On October 18, the U.S. Environmental Protection Agency (EPA) issued a supplemental notice of proposed rulemaking to the Vessel Incidental Discharge Act (VIDA). In 2020, the agency proposed national standards of performance for marine pollution control devices for discharges incidental to the normal operation of non-military and non-recreational vessels 79+ feet in length into U.S. waters. This supplemental notice proposes additional regulatory options that EPA is considering for discharges from ballast tanks, hulls and niche areas, and graywater systems.

EPA is seeking comments on the following topics related to hulls and associated niche areas under VIDA by Dec. 18, 2023:

  • New definitions for the terms “active discharge of biofouling,” “microfouling,” “macrofouling,” “passive discharge of biofouling,” “anti-fouling coating,” “anti-fouling system,” “biofouling,” “niche areas,” and others;
  • Prohibition of any discharges from in-water cleaning without capture of macrofouling;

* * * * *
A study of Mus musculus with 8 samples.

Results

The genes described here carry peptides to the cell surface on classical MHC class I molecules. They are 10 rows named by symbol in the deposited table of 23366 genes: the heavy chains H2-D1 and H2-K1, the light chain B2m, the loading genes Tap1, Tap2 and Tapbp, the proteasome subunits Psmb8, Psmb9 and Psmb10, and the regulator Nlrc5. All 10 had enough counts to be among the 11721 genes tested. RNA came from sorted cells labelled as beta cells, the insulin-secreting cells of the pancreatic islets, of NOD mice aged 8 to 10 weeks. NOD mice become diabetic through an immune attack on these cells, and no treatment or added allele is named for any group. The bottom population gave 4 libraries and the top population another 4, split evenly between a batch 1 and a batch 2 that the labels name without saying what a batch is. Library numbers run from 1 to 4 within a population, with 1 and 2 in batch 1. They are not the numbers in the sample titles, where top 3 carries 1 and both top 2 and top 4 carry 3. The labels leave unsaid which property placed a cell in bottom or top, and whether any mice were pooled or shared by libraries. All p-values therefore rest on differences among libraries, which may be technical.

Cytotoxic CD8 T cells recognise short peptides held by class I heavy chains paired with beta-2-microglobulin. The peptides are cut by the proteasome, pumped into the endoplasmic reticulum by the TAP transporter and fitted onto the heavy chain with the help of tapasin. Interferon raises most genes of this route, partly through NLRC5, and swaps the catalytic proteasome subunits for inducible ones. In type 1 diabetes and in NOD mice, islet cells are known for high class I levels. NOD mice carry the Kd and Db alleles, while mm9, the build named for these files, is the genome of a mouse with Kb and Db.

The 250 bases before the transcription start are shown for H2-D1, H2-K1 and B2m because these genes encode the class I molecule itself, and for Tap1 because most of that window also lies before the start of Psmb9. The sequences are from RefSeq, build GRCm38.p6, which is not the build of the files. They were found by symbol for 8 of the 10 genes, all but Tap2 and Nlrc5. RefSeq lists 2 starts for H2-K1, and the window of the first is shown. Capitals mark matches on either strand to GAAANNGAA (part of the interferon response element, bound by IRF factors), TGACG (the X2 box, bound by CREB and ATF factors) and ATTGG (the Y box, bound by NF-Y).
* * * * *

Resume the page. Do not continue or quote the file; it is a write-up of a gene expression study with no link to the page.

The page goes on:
• Exclusion of discharges from in-water cleaning and capture systems/activities from VIDA regulations; and
  • Elimination of the use of terms such as “local in origin” and “plume or cloud of paint” when referring to cleaning activities and fouling rating to identify applicable cleaning requirements.

The agency is also requesting comment on the numeric ballast water discharge standard (which remains unchanged from the proposal in 2020), as well as an additional option to require vessel operators to address and identify their ballast water uptake practices as part of their ballast water management plan.

U.S. EPA is soliciting public comments exclusively on the topics raised in the supplemental notice and not on any other provisions of the proposed rule from 2020.

ACA will coordinate its comments as guided by its Marine Coatings Leadership Council.

Contact ACA’s Rhett Cash for more information.